World Health Organization video about using medical masks
Are masks a must? And if so, for whom? That question has prompted a social media debate about whether Larry Block, the local retailer and a candidate in the Nov. 3 City Council election, is doing good by ordering thousands of facial masks from China during the COVID-19 epidemic.
Block is best known as the owner of the Block Party gay apparel store and for his advocacy for improving crosswalk safety. He announced recently on his Facebook page that he has reached out to companies in China to acquire two types of masks: medical masks and N95 masks. The federal Food and Drug Administration defines a medical mask (aka surgical mask) as “a loose-fitting, disposable device that creates a physical barrier between the mouth and nose of the wearer and potential contaminants in the immediate environment … Note that the edges of the mask are not designed to form a seal around the nose and mouth.” An N95 mask is “a respiratory protective device designed to achieve a very close facial fit and very efficient filtration of airborne particles. Note that the edges of the respirator are designed to form a seal around the nose and mouth.” The FDA says such masks should not be shared with others or used more than once.
Block intends to distribute one mask free of charge to elderly West Hollywood residents, those living in affordable housing units, those who are disabled and have health problems like asthma and those who are homeless. (He began doing that over the weekend, driving around to deliver 100 samples .)
Block will sell the masks to others. As of last night he had taken orders for hundreds of them from individual residents and from an owner of local apartment buildings who wants to make them available to residents and building maintenance workers. Profits from the sales will go to WeHo Wish, a non-profit hat Block established to help West Hollywood residents in need. Block told WEHOville that he expects some of the masks to arrive from China in time for him to sell them from noon to 4 p.m. on Thursday and Friday outside the Block Party store, which has closed to comply with Los Angeles County Department of Public Health’s coronavirus emergency ordinance. Thus far Block has ordered 6,000 masks, with orders for another 20,000 in process. He is selling medical masks in pack of ten for $15 and the N95 masks for $5 each.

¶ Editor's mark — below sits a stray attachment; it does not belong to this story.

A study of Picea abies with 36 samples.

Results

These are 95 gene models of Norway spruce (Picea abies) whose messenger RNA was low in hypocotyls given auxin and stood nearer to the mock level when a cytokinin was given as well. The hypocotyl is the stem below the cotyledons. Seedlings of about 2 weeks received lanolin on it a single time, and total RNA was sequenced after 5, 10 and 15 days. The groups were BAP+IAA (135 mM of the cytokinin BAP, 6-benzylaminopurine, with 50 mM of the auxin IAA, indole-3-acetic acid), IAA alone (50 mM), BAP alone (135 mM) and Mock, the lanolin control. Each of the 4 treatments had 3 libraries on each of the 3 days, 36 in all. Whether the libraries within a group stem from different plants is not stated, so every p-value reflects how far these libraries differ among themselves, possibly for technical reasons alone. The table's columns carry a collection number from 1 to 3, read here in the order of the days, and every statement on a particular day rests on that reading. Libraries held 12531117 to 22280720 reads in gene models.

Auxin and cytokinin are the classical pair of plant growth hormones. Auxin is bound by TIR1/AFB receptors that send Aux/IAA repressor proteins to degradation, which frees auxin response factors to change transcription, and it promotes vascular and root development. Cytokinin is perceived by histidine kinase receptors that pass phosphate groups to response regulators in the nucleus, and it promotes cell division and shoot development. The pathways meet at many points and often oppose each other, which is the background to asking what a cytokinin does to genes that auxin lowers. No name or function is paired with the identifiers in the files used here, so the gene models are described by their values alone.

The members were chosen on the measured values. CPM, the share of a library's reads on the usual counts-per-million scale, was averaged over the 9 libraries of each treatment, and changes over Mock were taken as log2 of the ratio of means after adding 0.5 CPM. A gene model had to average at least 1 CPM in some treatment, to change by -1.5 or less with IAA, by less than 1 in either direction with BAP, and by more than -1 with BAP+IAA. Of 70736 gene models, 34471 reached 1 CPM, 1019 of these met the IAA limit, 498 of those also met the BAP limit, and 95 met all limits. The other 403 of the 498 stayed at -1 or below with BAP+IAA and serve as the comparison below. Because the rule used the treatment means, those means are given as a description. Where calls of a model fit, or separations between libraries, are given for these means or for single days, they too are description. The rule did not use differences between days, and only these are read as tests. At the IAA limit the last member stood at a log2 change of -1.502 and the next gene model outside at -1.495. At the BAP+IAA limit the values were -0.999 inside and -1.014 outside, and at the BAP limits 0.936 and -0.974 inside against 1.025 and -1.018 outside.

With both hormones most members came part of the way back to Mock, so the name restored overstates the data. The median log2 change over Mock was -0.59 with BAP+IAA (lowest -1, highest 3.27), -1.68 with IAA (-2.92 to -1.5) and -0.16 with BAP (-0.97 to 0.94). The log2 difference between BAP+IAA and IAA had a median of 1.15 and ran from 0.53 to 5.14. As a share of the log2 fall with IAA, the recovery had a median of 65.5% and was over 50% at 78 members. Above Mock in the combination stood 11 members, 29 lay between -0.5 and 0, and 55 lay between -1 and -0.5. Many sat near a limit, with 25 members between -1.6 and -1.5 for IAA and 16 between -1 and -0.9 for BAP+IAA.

Block said that one person who bought masks from him said he intended to drop them off at Plummer Park this morning, where City Council members John Heilman and Lindsey Horvath had asked residents to leave unused, new and packaged medical supplies that can be donated to hospitals.
Block has been critical of the City of West Hollywood for not buying masks for its residents. “I reached out to the Chamber of Commerce, various developers, City Council members and the City Manager begging them to pitch in to buy masks for our local residents in elevator buildings to contain the spread,” Block said. City Manager Paul Arevalo, who Block suggested buy 500,000 masks, “got back to me that there were no needs at that time, and he would call if needed,” Block said.
While Block has criticized local institutions for not buying the masks, he has been criticized for his decision to sell medical and N95 masks to ordinary residents while hospitals have declared a shortage of those masks for their health professionals. A story in the Los Angeles Times states that “federal officials have warned that the Strategic National Stockpile contains just 1% of the top-notch N95 respirators that experts predict may be needed throughout the pandemic.” Critics also have noted that organizations like the federal Centers for Disease Control and Prevention, the Federal Food and Drug Administration and the World Health Organization don’t recommend that ordinary people use masks during the COVID-19 epidemic. They argue that they should only be used by those who are infected or who are caring for such people.
“CDC does not recommend that people who are well wear a facemask to protect themselves from respiratory illnesses, including COVID-19,” says the CDC’s website. “You should only wear a mask if a healthcare professional recommends it. A facemask should be used by people who have COVID-19 and are showing symptoms. This is to protect others from the risk of getting infected. The use of facemasks also is crucial forhealth workersand otherpeople who are taking care of someone infected with COVID-19 in close settings(at home or in a health care facility).”
In an email message to Block (on which he copied members of the City Council) former WeHo resident Ty Geltmaker said: “Whatever your undoubtedly good intentions, it was wrong of you to secure medical supplies through private back channels without handing them over to responsible public health authorities.
“Also, posting a notice that your masks ‘are reserved for West Hollywood Residents’ is not just dangerously elitist, but is itself a peril to public health as such masks give the public a false sense of safety, allegedly protecting persons out and about from contagion, as they are really only useful out on the street as prophylaxis against transmission by the already infected, not a secure barrier to reception of airborne disease. However many of these masks you still have in stock should be taken immediately down the street to Cedars Sinai for proper use by medical professionals who desperately need them for their own protection in the confined treatment wards where such cross-transmission does happen.”
Block has argued that the masks he is buying from China have not been manufactured for U.S. hospitals, which more likely would want to purchase from suppliers such as 3M or Honeywell. White Label Connection, a company owned by Mykul Chretian, another West Hollywood resident, is helping him import then into the U.S.